Monday, June 24, 2013


Game reviewer Stephen Splatz has written a wonderful extended essay on the topic of skepticism in which he methodically dissects it as an all-encompassing worldview. Titled "Why I Am No Longer a Skeptic", the essay places modern skepticism in its proper context of intellectual history, correctly identifies it as reactionary philosophical positivism, and highlights a number of problems that have lately come to a head, both in the skeptic community in general, and among some of the movement's premiere spokespersons. 

It begins...
This is not a tale of how I found Jesus, of how acupuncture cured my hemorrhoids, or of how my alien abductors revealed the ultimate truth about 9/11. I still have no faith in anything supernatural, mystical, psychical or spiritual. I still regard the scientific method as the best way to model reality, and reason as the best way to uncover truth. I'm no longer a skeptic, but not one of my core beliefs has changed.

What has changed is that I have come to reject skepticism as an identity. Shared identities like skepticism are problematic at the best of times, for numerous reasons, but I can accept them as a means of giving power and a voice to the disenfranchised. And indeed, this is how skeptics like to portray themselves: an embattled minority standing up for science, the lone redoubt of reason in an irrational world, the vanguard against the old order of ignorance and superstition. As a skeptic, I was happy to accept this narrative and believe I was shoring up the barricades.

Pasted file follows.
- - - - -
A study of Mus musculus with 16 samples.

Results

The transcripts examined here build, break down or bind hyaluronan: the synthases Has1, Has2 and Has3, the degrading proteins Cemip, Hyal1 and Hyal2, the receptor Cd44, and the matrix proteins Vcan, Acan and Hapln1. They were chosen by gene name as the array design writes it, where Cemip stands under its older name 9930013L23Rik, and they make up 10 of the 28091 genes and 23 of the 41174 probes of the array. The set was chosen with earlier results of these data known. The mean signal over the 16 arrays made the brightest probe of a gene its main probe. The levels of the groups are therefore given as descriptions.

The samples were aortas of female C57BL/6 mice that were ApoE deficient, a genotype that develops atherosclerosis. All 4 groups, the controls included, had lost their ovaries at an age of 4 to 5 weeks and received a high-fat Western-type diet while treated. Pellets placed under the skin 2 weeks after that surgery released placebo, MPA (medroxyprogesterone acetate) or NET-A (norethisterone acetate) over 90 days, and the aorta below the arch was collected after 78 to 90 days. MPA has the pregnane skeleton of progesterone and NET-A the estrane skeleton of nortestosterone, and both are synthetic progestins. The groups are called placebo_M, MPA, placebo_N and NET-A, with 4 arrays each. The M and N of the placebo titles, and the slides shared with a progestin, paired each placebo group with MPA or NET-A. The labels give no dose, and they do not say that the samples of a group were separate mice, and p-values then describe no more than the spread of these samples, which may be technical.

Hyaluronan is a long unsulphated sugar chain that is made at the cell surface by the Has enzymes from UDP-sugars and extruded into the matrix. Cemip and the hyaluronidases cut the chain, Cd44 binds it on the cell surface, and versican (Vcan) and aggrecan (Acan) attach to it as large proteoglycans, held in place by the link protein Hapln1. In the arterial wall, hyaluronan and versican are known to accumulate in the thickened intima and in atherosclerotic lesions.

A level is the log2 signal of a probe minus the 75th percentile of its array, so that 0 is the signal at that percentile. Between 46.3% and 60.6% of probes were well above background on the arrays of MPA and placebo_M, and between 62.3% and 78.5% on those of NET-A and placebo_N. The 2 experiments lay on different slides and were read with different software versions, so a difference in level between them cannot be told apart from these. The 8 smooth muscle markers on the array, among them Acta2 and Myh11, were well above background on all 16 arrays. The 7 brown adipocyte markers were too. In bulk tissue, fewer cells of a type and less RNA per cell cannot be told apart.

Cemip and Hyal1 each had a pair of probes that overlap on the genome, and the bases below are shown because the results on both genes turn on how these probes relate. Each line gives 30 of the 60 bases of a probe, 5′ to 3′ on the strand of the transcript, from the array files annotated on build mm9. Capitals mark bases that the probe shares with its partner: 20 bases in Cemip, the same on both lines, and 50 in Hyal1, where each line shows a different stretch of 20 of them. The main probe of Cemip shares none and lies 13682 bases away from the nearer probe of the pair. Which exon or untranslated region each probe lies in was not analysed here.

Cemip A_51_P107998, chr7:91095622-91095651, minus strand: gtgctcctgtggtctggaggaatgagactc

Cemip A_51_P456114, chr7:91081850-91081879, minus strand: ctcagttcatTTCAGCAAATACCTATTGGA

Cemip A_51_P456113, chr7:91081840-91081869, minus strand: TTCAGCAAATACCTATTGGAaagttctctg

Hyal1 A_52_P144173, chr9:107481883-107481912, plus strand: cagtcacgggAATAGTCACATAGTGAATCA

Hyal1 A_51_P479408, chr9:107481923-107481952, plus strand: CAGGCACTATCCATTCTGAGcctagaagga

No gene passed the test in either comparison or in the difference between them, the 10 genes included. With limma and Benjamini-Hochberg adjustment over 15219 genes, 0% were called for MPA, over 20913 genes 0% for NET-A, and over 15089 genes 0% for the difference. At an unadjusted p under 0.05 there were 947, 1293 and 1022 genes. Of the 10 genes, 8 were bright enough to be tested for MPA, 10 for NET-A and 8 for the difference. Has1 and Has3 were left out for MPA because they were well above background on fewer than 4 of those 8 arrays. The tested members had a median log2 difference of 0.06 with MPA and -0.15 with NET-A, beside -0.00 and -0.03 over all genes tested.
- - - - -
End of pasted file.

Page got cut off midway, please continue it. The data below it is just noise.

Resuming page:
However, it's a narrative that corresponds poorly with reality. In the modern world, science, technology and reason are central and vital, and this is widely recognised, including at the highest level. On any major political decision, the technocrat speaks louder than the bishop, or anyone else, for that matter. Sure, Bush and Blair were noted god-botherers, but if you seriously think that, say, Gulf War 2 was their decision alone, or that that "God wills it" would have convinced anyone they had to convince, then you're subscribing to a cartoon view of history.  
Good stuff, right? And it only gets better from there.

I strongly urge anyone who regularly peruses this blog to read Splatz's essay in full, and to let it serve as an example of the kind of honest, deep introspection and intellectual honesty that all of us who are doing writing or researching on topics in the parapolitical and paracultural milieu should always be striving for.